Wolves Help Veterans Cope with PTSD

By Victoria Kim 01/07/16

There is growing evidence that canine-assisted therapy could possibly be very beneficial to those with PTSD. 

Photo via Shutterstock

Animal-assisted therapy is known for its calming effect and ability to draw out even the most isolated personality. Horses, dogs, even dolphins have had a positive effect on people struggling with depression, schizophrenia, mood disorders and substance abuse. 

This is the idea behind the Warriors and Wolves program at Lockwood Animal Rescue Center in Frazier Park, California, where rescue wolves and wolf-dogs work with military veterans to help them recover from the trauma of military service.

“Conventional therapy didn’t help,” said Jim Minick, a veteran and manager at the rescue center. “After 10 years of military life, it was a tough transition. Had I continued down the course of being angry, drinking myself to death may have been the last chapter of my life.”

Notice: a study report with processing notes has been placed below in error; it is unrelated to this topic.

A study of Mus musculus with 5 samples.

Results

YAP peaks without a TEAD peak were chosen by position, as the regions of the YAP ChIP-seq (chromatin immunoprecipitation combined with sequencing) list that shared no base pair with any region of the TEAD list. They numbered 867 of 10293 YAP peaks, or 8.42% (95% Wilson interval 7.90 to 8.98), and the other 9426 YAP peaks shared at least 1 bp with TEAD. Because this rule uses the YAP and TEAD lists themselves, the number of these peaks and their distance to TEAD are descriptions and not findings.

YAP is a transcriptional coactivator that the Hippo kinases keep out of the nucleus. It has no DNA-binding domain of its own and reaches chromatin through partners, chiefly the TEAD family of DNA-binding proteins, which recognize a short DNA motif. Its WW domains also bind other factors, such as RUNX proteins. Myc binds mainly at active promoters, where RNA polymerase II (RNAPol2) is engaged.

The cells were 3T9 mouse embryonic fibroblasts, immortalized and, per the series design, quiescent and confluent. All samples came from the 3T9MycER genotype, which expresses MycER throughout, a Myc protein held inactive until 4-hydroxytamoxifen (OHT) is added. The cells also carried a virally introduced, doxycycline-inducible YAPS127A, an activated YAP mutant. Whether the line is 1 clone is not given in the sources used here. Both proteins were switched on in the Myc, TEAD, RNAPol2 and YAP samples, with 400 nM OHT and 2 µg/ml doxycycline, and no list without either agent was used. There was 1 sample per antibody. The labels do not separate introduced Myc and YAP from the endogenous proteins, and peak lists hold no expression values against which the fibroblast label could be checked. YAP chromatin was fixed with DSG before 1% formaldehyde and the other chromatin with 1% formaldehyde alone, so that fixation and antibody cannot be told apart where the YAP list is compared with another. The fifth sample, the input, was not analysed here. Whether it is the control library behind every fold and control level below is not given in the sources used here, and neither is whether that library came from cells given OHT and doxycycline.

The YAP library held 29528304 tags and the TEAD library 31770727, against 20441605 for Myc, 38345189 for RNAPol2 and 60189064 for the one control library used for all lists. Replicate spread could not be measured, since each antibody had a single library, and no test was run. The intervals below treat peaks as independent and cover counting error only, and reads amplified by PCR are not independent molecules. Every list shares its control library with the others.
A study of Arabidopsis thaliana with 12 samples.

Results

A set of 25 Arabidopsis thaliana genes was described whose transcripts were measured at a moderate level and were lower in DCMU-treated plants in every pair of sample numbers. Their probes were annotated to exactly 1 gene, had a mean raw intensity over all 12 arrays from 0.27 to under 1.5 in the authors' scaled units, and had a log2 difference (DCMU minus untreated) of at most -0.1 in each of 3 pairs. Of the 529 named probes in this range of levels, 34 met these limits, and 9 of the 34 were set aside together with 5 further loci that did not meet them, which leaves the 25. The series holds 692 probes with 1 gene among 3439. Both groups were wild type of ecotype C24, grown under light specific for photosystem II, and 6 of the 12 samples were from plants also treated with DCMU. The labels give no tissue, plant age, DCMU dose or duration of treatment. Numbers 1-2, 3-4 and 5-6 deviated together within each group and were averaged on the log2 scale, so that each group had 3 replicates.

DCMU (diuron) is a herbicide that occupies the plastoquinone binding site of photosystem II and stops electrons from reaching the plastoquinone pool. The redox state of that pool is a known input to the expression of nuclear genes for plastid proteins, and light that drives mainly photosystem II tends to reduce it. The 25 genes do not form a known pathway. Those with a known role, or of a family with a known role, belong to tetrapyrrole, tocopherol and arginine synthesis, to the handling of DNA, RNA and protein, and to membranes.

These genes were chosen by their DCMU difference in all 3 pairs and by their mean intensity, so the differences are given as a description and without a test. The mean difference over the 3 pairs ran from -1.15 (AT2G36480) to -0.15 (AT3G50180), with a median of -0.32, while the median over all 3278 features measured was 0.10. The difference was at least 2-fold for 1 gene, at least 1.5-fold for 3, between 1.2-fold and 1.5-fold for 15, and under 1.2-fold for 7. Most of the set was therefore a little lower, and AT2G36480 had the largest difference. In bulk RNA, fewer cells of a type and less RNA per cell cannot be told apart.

There is growing evidence that bonding with canines has biological effects, such as elevated levels of oxytocin, which improves trust, the ability to interpret facial expressions, the overcoming of paranoia and other pro-social effects—“the opposite of PTSD symptoms,” Meg Daley Olmert, who works for Warrior Canine Connection, said in Smithsonian Magazine. 

Roughly 30% of post-9/11 veterans treated at VA medical facilities have screened positive for PTSD.

Interacting with wolves has a unique effect on veterans that they can’t get with conventional therapy or medicine. “They kind of teach you how to be calm and confident,” said Minick. “It’s got some deeper meaning when they accept you. They accept you into the family, part of the pack.”

A new study is underway at Purdue University that seeks to answer the question: Do service dogs have a tangible effect on veterans with PTSD and other anxiety-related conditions? The findings could affect whether veterans with mental health disorders would qualify to receive a service dog. 

Currently, the Veterans Affairs Department provides service dogs to veterans with certain physical disabilities, but not mental health disorders, because there is not yet enough evidence that shows animals help with PTSD.